Published: Mon, December 17, 2018
Sci-tech | By Patricia Wade

‘Christmas comet’ - the year’s brightest - to pass by Earth this weekend

‘Christmas comet’ - the year’s brightest - to pass by Earth this weekend

Its 5.5-year orbit stretches out as far as Jupiter.

This 120 second image of comet 46P/Wirtanen was taken December 2, 2018 by an iTelescope 50 mm refractor located at an observatory near Mayhill, New Mexico.

Try to find an area without too much light pollution for the clearest view.

Comet Wirtanen has already been visible in larger amateur telescopes, and while the brightness of comets is notoriously hard to predict, there is the possibility that during its close approach comet Wirtanen could be visible with binoculars or to the naked eye, Nasa said in a statement on Friday (December 14). The comet will come within 7 million miles of Earth - a proximity that won't happen again for 20 years. "This could be one of the brightest comets in years, offering astronomers an important opportunity to study a comet up close with ground-based telescopes, both optical and radar". The campaign, led by the University of Maryland, has worldwide participation across the professional and amateur astronomical communities.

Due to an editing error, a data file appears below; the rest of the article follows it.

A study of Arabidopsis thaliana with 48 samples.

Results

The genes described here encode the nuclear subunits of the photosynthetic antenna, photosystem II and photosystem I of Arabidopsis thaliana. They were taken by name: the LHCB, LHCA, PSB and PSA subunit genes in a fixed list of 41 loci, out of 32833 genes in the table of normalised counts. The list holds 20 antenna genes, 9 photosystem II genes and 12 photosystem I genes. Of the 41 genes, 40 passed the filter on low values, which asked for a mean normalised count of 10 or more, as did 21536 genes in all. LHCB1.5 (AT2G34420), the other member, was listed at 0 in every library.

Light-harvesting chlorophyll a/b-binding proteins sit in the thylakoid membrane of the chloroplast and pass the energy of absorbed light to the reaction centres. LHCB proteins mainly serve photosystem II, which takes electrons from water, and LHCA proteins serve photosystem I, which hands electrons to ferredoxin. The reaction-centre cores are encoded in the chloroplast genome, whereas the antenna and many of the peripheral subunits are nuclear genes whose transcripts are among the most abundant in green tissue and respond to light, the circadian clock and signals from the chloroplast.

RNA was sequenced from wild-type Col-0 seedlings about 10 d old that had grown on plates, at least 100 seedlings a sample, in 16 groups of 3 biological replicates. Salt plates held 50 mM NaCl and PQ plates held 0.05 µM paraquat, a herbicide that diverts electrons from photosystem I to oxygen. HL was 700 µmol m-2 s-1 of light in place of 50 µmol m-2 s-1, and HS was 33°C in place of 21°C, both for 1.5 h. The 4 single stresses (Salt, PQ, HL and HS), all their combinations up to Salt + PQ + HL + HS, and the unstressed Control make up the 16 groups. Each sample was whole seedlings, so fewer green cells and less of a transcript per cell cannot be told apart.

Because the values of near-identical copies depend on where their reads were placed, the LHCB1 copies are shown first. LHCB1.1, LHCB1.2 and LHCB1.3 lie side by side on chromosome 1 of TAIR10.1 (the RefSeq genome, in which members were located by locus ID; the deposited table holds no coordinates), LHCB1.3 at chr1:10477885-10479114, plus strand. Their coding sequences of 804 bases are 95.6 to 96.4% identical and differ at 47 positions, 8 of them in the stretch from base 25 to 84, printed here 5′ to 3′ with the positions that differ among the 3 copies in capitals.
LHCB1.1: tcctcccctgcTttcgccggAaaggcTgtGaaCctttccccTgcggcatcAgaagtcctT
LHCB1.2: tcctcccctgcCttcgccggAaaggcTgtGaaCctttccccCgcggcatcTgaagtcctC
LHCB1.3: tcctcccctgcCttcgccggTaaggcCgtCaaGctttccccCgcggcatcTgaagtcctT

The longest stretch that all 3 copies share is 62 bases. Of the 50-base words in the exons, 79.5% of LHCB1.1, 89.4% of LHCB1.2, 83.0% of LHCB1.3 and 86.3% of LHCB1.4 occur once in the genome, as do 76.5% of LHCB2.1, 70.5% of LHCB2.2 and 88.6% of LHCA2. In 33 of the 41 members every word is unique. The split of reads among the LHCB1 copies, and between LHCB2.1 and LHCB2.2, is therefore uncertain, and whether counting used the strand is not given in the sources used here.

The brightest comet of 2018 will streak past Earth right after the peak of the Geminid meteor shower.

Meteor shower and comet to light up seasonal skies

Wirtanen's unusual composition (it includes methane and carbon), as well as its close orbit to the sun, made it the original target for the European Space Agency Rosetta mission.

The Christmas Comet's technical name is 46P/Wirtanen, discovered in 1948 by Carl Wirtanen. To local residents it will appear to be a greenish, fuzzy star. As it passes the sun, parts of the comet melt and are absorbed into an expansive atmosphere that travels with it, creating a glowing green cloud, according to Popular Science.

David Moore, editor of Astronomy Ireland magazine, said Comet Wirtanen would be visible to the naked eye in dark rural areas, but also in city suburbs when it was at its brightest. "The comet will even pass through the observing field of the Transiting Exoplanet Survey Satellite (TESS)".

"We're getting a look at stuff that was formed during the formation of the solar system and has been out in the deep freeze since then", Lattis said to CNN. But the atmosphere around the comet, or coma, is bigger than Jupiter.

Meteorologist Jeff Sites of the National Weather Service office in Wilmington told The Times-Gazette that Mother Nature may not afford budding astronomers with conditions for good "seeing".